The Ellsworth High School
Alumni Association

By Taylor Vortherms courtesy The Ellsworth American

Stuart Taylor is not comfortable accepting praise.

The 84-year-old former Ellsworth High School boys’ basketball coach shifted in his seat when asked about the reasoning behind his 1966 team’s success.

“That’s a loaded question,” Taylor responded, laughing. “They were a special group of young men. They worked hard, and they were dedicated to the game.”

On Friday night, Taylor and that team were recognized inside Katsiaficas Gymnasium before the varsity boys’ basketball game in honor of the 50-year anniversary of their state championship — the latest one in program history.

“It’s wonderful to see them here,” Taylor said of his former team. “This is just a great reunion.”

Taylor and six members of that squad — Donnie Saunders, Jeff Gray, James Markos, Albert Harmon, John Linnehan and Wayne Mayo — gathered inside the EHS cafeteria before the ceremony. Laughter filled the room as they reminisced.

Linnehan, Gray and Mayo — one of the team’s consistent top scorers — stood together. When asked what positions they played, Mayo replied he was a “swingman” who played both guard and forward.

“He spent a lot of time on the bench, too,” Gray added in jest. “Make sure you get that in there.”

In an era that preceded the 3-pointer, Ellsworth beat Cape Elizabeth 72-53 for the 1966 state title. Since then, Ellsworth has made it to the state championship just twice in 1988 and 1992 and lost both.

“We had four players in double figures every game for the entire season,” Mayo said of the 1966 group. “That’s something the team hasn’t had since.”

“You’ve got to give a lot of credit to Coach Taylor,” added Linnehan, clad in his state championship jacket. “I think if you talk to any player here, they’re going to give Stu Taylor the credit.”

Taylor spent much of his 30-year career in the Ellsworth school system, coaching the high school program to two state championships in 1964 and 1966. He later coached swimming at Husson University before returning to Ellsworth to serve as junior high principal, assistant high school principal and athletic director, and high school principal from 1983 to 1987, when he retired.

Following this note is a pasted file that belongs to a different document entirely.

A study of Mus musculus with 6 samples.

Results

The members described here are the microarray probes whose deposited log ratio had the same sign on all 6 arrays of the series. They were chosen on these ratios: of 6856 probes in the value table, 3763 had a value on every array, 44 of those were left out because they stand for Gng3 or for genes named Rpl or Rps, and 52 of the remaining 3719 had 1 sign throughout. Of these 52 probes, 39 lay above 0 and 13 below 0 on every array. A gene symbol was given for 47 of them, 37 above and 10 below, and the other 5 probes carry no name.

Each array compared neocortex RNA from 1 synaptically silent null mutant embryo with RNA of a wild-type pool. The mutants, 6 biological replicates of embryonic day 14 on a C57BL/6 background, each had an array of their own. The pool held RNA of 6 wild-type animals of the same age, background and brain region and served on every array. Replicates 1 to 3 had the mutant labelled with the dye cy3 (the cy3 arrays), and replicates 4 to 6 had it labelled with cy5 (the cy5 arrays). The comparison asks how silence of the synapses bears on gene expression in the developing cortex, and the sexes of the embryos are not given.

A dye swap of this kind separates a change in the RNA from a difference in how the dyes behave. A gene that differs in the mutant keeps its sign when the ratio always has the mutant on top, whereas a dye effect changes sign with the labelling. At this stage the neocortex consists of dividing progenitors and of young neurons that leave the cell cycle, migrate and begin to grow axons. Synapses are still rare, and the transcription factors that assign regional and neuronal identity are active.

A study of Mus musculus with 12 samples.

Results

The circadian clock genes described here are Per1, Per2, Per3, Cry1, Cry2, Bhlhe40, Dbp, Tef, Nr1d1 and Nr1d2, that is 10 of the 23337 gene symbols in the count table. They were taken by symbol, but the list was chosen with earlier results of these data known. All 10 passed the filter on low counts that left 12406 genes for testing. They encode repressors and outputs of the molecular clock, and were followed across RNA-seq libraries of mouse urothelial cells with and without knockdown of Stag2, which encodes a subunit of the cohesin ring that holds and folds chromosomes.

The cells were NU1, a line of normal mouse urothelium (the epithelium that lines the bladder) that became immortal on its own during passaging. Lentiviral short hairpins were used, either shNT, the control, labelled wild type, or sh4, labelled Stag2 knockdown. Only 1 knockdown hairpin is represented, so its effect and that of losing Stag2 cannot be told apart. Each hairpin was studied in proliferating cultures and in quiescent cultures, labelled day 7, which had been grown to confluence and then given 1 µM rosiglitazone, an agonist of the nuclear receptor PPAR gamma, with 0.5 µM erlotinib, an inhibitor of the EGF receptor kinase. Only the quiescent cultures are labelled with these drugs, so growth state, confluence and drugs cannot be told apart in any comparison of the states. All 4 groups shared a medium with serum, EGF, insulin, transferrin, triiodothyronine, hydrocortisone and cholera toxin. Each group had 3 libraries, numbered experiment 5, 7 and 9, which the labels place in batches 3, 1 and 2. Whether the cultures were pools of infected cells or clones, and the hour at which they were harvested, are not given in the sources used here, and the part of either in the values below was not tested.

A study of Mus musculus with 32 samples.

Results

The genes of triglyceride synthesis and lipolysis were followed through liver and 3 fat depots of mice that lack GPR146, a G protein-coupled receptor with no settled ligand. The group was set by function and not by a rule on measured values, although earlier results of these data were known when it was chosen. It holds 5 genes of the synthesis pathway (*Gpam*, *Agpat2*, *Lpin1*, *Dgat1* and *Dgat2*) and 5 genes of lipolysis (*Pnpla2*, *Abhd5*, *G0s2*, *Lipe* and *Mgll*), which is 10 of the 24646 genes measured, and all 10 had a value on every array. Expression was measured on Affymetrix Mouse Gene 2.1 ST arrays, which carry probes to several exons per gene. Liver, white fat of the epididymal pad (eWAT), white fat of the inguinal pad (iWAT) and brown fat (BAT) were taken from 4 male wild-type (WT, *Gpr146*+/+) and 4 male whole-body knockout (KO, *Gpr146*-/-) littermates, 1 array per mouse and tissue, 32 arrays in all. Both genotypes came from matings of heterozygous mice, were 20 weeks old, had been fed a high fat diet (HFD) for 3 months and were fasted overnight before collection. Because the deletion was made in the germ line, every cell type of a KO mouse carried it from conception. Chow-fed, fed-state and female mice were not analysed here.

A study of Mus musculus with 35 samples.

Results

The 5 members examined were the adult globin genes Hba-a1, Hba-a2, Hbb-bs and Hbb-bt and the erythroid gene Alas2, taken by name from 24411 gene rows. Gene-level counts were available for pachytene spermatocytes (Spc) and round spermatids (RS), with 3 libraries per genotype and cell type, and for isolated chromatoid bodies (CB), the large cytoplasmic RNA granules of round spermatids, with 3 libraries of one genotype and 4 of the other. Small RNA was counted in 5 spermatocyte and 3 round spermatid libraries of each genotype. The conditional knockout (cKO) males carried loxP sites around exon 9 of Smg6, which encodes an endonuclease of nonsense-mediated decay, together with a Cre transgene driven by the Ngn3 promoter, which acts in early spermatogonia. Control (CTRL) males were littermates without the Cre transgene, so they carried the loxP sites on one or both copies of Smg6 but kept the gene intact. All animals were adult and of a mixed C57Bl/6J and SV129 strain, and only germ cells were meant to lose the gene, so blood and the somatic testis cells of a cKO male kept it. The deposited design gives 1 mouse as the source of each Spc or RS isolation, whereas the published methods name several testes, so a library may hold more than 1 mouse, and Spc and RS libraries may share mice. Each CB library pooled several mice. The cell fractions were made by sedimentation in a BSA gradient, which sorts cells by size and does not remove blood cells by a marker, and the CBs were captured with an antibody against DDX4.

In 2010, the Ellsworth Elementary-Middle School gym was dedicated to him as the Stuart C. Taylor Gymnasium.

“He was just a really, really good coach, and not just because of the championship,” Linnehan said. “He really deserves the honor he’s getting right now.”

At center court in the packed gymnasium, fans cheered as Taylor was handed the 1966 state championship trophy and banner. He scanned the bleachers, smiling.

“I always said that winning or losing in basketball was 80 percent the players, 10 percent the coaching and 10 percent luck,” Taylor said. “All I can say is that I was blessed.”

Linnehan disagreed with that equation.

“It’s all coaching,” Linnehan said. “He was a team coach. It was never about individuals.”

Five decades later, Taylor still will not tout the accomplishments of specific players. Others on the 1966 roster not in attendance Friday included Mark Nash, John Royal, Kenneth Jordan, John Petros, Donald Wood, Ralph Alley and Walter Fuller.

“I hope the players who were not starters have good memories,” Taylor said. “They contributed every single day to the success of the team.”